Surgery-denied anti-hijab protester jailed for a year in Iran
Maryam Shariatmadari caught the attention of social media and religious vigilantes as she waved her hijab in the air during a protest in February, however, the demonstration turned sour when a police officer violently shoved her to the ground after failing to convince her to come down to the pavement.
The 32-year-old activist, according to the journalist and eye witnesses, faced a 'severe' leg injury in the interruption and needed stitches but she was arrested and kept in Gharchak prison before being sentenced.
VIDEO: an Iranian woman protesting against forced hijab in Iran is violently thrown on the floor by the police.— IranWire (@IranWireEnglish) February 22, 2018
When she asks what is she doing wrong, the police answers “disturbing public order.” She refuses to come down and then is violently pushed down by a police commander. pic.twitter.com/oQgdEnpV8W
Tehran Police spokesman Saeed Montazer al-Mahdi had said in February that police - though they have a responsibility to tackle 'visible crimes' - had no right to 'violate the law'.
According to sources quoted by Iranian news outlets, the woman - a computer major student at the University of Amir Kabir - was charged with promoting disrespect to the hijab and acting against national security and was consequently jailed for a year.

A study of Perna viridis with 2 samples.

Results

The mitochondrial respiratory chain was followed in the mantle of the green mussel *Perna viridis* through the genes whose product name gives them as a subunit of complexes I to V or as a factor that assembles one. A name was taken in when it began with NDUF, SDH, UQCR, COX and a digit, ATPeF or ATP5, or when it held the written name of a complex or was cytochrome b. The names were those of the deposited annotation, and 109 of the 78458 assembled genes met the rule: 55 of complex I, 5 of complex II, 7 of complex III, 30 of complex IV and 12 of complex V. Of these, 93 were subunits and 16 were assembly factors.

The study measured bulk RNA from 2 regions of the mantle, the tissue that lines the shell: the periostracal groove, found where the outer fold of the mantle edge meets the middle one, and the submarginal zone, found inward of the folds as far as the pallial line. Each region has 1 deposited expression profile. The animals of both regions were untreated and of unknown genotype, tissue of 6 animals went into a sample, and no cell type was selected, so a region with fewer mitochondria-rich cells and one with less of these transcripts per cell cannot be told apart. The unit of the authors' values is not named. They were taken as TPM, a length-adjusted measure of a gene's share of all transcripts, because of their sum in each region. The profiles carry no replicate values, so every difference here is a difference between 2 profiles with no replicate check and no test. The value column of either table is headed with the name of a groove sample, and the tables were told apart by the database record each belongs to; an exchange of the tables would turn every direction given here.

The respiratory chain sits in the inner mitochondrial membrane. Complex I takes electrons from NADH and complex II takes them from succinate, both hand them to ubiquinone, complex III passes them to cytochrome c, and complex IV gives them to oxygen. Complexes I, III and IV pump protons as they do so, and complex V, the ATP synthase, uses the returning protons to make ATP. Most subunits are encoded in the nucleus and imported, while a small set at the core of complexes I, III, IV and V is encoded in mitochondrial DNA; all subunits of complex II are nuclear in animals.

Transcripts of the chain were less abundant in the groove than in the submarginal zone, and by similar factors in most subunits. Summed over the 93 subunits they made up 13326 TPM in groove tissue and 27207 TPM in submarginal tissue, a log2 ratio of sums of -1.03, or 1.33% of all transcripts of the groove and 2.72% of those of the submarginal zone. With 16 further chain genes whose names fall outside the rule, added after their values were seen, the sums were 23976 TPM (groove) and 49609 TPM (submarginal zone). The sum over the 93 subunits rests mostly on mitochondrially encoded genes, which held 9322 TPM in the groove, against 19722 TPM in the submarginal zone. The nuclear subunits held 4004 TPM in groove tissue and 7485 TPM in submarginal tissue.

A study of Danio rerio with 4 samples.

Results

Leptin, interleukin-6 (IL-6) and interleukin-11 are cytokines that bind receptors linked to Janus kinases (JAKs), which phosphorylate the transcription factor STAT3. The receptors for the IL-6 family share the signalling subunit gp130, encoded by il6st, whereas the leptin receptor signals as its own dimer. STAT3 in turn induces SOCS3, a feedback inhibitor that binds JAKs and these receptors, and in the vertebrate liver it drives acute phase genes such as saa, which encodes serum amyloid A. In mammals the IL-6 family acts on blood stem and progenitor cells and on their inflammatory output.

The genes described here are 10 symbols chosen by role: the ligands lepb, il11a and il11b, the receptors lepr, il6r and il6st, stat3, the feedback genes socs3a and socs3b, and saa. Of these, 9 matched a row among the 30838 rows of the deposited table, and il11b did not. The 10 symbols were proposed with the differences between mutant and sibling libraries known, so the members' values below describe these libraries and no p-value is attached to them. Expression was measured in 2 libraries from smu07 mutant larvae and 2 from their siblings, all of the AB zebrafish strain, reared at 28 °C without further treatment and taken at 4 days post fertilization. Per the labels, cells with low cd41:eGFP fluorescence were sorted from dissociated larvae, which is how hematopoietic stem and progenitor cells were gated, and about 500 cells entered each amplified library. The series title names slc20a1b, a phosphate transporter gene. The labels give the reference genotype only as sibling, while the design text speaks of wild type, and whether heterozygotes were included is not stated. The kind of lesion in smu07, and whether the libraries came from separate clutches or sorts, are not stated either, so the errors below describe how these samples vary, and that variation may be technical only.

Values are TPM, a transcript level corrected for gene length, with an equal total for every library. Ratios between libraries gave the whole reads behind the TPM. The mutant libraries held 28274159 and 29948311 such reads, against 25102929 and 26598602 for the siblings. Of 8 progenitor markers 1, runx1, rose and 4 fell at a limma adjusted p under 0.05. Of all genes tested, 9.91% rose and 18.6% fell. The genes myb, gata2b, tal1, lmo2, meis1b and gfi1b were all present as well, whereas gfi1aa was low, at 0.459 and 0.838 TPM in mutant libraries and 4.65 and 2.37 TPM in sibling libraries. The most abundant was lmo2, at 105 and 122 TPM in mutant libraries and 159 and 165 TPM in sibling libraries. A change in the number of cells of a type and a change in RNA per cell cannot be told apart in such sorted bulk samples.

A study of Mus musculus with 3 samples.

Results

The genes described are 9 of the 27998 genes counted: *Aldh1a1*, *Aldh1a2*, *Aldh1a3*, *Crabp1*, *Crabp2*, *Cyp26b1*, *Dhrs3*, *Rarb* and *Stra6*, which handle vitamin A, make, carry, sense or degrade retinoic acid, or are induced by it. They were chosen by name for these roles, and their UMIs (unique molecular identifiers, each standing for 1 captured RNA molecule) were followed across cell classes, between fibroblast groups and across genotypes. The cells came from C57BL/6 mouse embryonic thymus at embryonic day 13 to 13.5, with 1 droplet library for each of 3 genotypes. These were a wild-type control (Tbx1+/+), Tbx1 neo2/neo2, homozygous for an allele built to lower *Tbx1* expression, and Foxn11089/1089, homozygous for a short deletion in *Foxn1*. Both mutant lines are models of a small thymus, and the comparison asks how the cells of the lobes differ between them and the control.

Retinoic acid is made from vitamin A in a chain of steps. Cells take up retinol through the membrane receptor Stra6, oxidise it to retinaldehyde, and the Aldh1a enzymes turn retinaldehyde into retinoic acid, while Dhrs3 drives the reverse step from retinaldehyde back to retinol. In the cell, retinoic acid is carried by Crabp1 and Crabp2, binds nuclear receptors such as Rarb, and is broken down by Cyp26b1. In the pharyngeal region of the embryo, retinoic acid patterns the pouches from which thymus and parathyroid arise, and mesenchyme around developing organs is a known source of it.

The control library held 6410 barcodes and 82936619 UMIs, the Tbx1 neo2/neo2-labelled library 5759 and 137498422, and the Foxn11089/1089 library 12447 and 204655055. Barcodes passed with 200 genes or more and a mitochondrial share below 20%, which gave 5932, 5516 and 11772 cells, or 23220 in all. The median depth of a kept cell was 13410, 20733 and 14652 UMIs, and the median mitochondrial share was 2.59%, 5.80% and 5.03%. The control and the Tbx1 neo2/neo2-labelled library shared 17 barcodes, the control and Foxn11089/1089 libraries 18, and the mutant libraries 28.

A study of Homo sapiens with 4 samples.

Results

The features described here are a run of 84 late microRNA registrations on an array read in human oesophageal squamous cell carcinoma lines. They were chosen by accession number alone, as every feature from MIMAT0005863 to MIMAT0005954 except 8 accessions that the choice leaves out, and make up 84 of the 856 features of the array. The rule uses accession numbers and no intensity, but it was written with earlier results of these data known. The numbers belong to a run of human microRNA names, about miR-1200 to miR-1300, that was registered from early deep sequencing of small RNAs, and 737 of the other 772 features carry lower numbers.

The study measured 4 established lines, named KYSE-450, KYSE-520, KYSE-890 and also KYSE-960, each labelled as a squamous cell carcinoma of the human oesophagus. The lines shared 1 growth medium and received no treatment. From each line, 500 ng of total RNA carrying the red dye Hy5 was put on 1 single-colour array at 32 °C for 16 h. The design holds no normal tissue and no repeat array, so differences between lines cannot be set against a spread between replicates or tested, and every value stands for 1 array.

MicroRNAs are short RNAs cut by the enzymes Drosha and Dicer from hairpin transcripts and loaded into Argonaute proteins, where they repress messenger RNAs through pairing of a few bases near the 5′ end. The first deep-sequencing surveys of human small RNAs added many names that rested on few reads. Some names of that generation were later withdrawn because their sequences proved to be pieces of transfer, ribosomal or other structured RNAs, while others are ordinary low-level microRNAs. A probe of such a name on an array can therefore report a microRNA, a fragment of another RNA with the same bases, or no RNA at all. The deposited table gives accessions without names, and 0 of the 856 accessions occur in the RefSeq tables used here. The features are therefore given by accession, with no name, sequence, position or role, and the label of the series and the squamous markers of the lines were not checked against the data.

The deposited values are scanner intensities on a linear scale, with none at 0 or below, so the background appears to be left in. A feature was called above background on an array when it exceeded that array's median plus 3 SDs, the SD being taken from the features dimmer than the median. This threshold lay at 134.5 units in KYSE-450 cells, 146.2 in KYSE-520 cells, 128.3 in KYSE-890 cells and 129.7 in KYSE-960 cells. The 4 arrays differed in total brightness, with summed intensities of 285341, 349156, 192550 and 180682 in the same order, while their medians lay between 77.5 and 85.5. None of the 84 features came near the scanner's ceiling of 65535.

Human rights lawyer Nasrin Sotoudeh, who represented Shariatmadari, said the verdict 'even goes against the laws.'
Besides the imprisonment, what haunts the human rights activist is the assertion that Shariatmadari was at one point taken out of surgery by police when she was about to go under the knife.
Such claim was bolstered by Center for Human Rights in Iran citing renowned journalist Jila Baniyaghoo.
Removing your headscarf and waving it like a flag in public has become a symbol for the “Girls of Revolution Street” movement, sparked by activist Vida Movahed in late December 2017 in Tehran.
Since 1979, Shiite-majority Iran forces women to wear the Islamic headscarf in public. The Islamic code also forbids women touching, dancing or singing with men outside their families, however, a movement called White Wednesdays seeks women to flout regulations by photographing themselves without their hijabs and posting it on social media.